Arias by Bononcini, Gluck, Alessandro Scarlatti, Mozart, Verdi, Gounod & Limoz Disdari
Sonata for Piano and Violin in F, Op.24 (Spring)
Saimir Pirgu (tenor) & Simon Lepper (piano) with Alda Disdari (violin)
Reviewed by: Sam Smith
Reviewed: 10 February, 2015
Venue: Wigmore Hall, London
The last time I heard Saimir Pirgu was in September 2014 in a revival of David McVicar’s production of Verdi’s Rigoletto at the Royal Opera House. He made a dashing Duke, but sometimes strained his voice by pushing it so hard, although ‘Parmi veder le lagrime’ and ‘La donna è mobile’ were highly persuasive.
In this Rosenblatt Recital at the far more intimate Wigmore Hall, he came across very differently. His approach in the first half of the concert was far more introverted, though by no means lacklustre or unengaging. As his default stance was to rest his right hand on the corner of the raised piano lid, he manifested all of the necessary thoughts and feelings in an intense yet understated manner.
This was the first Rosenblatt Recital of 2015, and it was beautifully programmed. Consisting for the most part of opera arias, it achieved a fine balance between pieces from better- and lesser-known works, the first half featuring operas from the seventeenth and eighteenth centuries, alongside one item that was rather surprising in context. The second focused on the nineteenth century, and also introduced two songs from Pirgu’s native Albania.
As soon as Pirgu opened his mouth for ‘Per la gloria d’adorarvi’ from Bononcini’s Griselda it was clear that his sound was highly suited to the Wigmore’s interior. His ringing voice proved so rounded that it appeared as if the sound was being sucked into his mouth rather than produced from it, a sign of strong vocal technique. The manner in which he altered his sound to give a rather hushed “penerò” (I will suffer) was impressive as was the almost cheeky chuckle placed on the ‘e’ in “e non v’amare” as his anguish took on just an element of blissful self-indulgence.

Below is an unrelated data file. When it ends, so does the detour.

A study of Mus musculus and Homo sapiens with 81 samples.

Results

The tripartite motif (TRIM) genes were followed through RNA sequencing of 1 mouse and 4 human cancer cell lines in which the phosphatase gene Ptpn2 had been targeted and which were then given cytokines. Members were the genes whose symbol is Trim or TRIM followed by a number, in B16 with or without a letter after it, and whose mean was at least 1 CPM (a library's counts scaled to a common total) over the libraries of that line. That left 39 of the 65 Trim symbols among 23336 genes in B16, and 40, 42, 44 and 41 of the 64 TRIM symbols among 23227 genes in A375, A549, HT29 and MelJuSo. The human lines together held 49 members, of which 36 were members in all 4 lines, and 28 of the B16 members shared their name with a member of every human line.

Pirgu applied a degree more gravitas to ‘O mio dolce ardor’ from Gluck’s Paride ed Elena and the crucial “spero e sospiro” was paced to perfection, a sensitive momentary pause being placed within the phrase. ‘Già il sole dal Gange’ from Alessandro Scarlatti’s L’honestà negli amori was positively joyous, and the diminuendo across “ingemma ogni stello” (it adorns each blade of grass) delightful.
Three Mozart arias led into the interval. ‘Del più sublime soglio’ from La clemenza di Tito possessed the type of radiance associated with taking just a little satisfaction in fulfilling one’s duty, even amidst all of the torment. Pirgu’s sound grew over ‘Il mio tesoro’ from Don Giovanni in line with Don Ottavio’s increasing resolve, while ‘Fuor del mar’ from Idomeneo felt suitably intense.
Before the latter aria, however, violinist Alda Disdari was introduced and performed Beethoven’s ‘Spring’ Sonata. It was played well enough but, although the reason for Disdari’s presence was to be revealed later on, at the time it felt rather like a random insertion. Still, it gave Simon Lepper, who across the evening combined an elegant approach with supportive clarity, additional opportunity to shine in one of the night’s few pieces that was originally designed for piano rather than orchestra.
In the second half Pirgu loosened up, but there seemed to be a strong trade-off between flamboyance and focus as imperfections crept in. His rendition of ‘Questa o quella’ from Rigoletto represented the one moment in which all caution was thrown to the wind, presumably reflecting his confidence with the piece, but if this was possibly the least technically precise rendition of the evening, the sense of thrill he brought to the aria more than compensated. ‘Ah, la paterno mano’ from Macbeth, in contrast, did possess appropriate gravitas, and ‘Ah! lève-toi, soleil!’ from Gounod’s Roméo et Juliette was sensitively managed, even if Pirgu’s French pronunciation was not always at a premium.
He then sang two pieces from his native country. The first was by Limoz Disdari who wrote the music to accompany Naim Frashëri’s poem Fjalët e Qiririt. The song features violin and piano, and Pirgu explained that after considering resurrecting his violin (he used to play the instrument) he decided it would be better to invite along Alda, who is both a violinist and the daughter of the composer. In the event, the song proved delightful, while the following nationalistic Rrjedh në këngë e ligjërime’ was suitably rousing.
No deficiency ever prevented this concert from being enjoyable or indeed feeling accomplished, and at the still relatively young age of 33, there is surely far more to come from this tenor who plays the Shepherd in the Royal Opera House’s new production of Szymanowski’s Król Roger in May. The final piece of the main programme revealed just how good Saimir Pirgu can be as in ‘E la solita storia del pastore’ from Cilea’s L’Arlesiana he really did combine technical precision with flair. One of Pirgu’s two encores was ‘Pourquoi me réveiller’ from Massenet’s Werther.